Too many Whanganui households are on the wrong side of the digital divide, Alistair Fraser says.

They are households without a connection to the internet. He estimates 18 per cent of Whanganui households - about 800 - are without access to the internet except through the expensive data on a mobile phone.

"We have still got a long way to go," he said.

He's the Digital Inclusion Alliance Aotearoa ambassador for the Whanganui region, and also the former co-ordinator of the Computers in Homes programme here. He would like access for all and says the Spark Foundation's subsidised broadband initiative and Whanganui District Council's proposed digital strategy could help.


Computers in Homes provided 1500 Whanganui households with devices and internet access in the 10 years to 2016. The Government stopped funding it - except for refugees.

In 2018 the Spark Foundation responded with the Jump subsidised broadband initiative. It offers a free modem and subsidised broadband for households with children under 18 and no internet connection.

The cost works out to less than a quarter of what people would otherwise be paying, Fraser says. The connection is through the 4G network so there is no fibre or phone connection and no installation cost.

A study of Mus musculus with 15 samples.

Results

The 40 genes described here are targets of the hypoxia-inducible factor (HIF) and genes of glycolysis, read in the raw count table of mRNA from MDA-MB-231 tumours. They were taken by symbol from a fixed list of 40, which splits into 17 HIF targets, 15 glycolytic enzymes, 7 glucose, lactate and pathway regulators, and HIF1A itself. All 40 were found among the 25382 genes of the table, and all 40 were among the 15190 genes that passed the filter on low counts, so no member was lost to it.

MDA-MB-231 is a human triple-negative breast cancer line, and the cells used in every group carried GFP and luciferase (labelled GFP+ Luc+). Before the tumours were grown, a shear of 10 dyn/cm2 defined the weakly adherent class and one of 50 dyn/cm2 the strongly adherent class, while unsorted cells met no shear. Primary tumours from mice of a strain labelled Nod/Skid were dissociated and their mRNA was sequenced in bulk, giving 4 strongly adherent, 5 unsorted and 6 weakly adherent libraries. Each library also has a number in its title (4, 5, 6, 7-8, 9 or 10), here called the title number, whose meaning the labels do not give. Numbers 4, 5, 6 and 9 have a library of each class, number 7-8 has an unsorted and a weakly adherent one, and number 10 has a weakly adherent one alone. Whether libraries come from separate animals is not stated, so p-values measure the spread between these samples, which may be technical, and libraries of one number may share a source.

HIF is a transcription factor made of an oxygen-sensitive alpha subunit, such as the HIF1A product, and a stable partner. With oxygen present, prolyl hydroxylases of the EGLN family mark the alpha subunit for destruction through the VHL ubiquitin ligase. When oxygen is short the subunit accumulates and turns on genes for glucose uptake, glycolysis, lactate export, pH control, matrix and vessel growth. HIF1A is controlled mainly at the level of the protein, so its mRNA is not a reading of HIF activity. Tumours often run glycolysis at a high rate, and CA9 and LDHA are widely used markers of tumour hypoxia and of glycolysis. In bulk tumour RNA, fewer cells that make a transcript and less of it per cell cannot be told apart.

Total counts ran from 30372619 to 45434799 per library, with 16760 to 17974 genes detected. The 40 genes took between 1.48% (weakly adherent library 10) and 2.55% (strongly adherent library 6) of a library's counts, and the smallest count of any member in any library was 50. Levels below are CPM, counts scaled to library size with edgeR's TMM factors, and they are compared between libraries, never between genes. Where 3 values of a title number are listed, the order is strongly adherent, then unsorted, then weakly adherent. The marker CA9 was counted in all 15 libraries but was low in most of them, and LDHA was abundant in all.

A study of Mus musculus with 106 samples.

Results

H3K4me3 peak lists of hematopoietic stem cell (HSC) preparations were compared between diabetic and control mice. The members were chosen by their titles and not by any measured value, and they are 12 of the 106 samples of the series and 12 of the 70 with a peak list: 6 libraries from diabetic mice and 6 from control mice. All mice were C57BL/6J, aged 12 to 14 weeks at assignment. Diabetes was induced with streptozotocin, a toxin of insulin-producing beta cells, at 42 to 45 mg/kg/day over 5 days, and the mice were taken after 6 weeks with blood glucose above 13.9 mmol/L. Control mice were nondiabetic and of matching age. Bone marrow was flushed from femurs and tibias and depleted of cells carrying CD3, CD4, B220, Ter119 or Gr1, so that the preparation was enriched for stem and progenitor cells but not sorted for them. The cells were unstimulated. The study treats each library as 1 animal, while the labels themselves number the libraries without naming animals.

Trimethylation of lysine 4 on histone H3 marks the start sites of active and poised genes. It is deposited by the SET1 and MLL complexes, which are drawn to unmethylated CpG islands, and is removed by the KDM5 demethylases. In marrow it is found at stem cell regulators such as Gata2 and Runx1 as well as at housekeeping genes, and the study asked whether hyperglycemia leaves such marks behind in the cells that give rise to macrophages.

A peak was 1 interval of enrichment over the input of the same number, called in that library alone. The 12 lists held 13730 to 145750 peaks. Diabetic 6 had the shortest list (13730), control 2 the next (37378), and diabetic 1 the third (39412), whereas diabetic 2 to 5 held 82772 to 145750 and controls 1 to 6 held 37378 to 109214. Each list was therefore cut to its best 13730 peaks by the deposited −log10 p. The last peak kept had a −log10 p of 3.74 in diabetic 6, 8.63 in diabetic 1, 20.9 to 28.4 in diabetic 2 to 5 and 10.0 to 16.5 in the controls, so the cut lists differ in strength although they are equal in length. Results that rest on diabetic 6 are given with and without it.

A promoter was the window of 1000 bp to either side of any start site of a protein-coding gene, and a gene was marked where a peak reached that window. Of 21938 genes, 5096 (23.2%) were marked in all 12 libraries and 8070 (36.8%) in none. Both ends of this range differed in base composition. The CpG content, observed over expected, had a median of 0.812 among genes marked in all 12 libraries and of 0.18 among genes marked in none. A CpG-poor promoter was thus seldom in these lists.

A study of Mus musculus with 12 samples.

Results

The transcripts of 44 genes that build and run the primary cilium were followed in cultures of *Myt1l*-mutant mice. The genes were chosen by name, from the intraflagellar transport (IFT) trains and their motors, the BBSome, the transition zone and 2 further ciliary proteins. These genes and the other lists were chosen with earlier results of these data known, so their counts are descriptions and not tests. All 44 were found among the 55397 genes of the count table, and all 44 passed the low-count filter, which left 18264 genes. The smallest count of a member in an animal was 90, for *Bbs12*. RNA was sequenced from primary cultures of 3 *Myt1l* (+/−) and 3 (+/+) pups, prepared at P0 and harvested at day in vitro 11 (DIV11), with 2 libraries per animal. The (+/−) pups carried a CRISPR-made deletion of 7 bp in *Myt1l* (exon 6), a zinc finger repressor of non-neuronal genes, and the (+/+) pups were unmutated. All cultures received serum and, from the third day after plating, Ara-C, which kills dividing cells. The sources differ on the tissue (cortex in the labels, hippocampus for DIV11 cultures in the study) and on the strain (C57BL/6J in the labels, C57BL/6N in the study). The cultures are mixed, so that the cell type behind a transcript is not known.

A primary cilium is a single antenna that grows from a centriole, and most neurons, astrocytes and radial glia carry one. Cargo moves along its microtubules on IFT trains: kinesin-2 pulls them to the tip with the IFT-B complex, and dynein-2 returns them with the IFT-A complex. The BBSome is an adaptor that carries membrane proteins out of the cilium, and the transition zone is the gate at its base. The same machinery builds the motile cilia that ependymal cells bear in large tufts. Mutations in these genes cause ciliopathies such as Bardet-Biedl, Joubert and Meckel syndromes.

Eligible people can apply at Whanganui's District, Gonville and Hakeke St libraries, and at Ngā Tai o Te Awa. After a 20-40 minute one-on-one session, and creating an account with the Skinny brand, the applicant can leave with a modem and 30GB of free broadband.

Computers in Homes graduation day at Tawhero School. Photo / file
Computers in Homes graduation day at Tawhero School. Photo / file

When that runs out they get more by prepaying $10 for another 30GB - an amount that would last a month of modest use.

The applicant can take the modem home, plug it in to power and use it with their own device. They keep it for as long as they are using the Jump pre-pay account.

Whanganui has provided modems to about 150 households so far, and Fraser said it is often the busiest donor in New Zealand.

"Each month the Whanganui District gives out more of them than just about everyone else."

Whanganui District Library performance manager Sonny Tamihana handed out three on May 13, and said the district library was keeping pace with demand.

Fronting the initiative was a library role, he said, because libraries were about reading and a lot of people do a lot of their reading online.

All modems he has given away have been for education - but he says there are other needs. The young adults who use the library's computers also don't have internet access - and they need it to buy tickets to concerts and book appointments at WINZ.

Older adults are also missing out, Fraser said. For them the internet can be important for banking, or for health information.

Whanganui District Council's proposed digital strategy is out for consultation until June 21. Fraser will be asking for more hotspots in town with WiFi internet, and more tech expos to educate people.

He said the council had shown a fantastic commitment to digital inclusion so far, and he was encouraged to see that inclusion was the first of the strategy's four aims.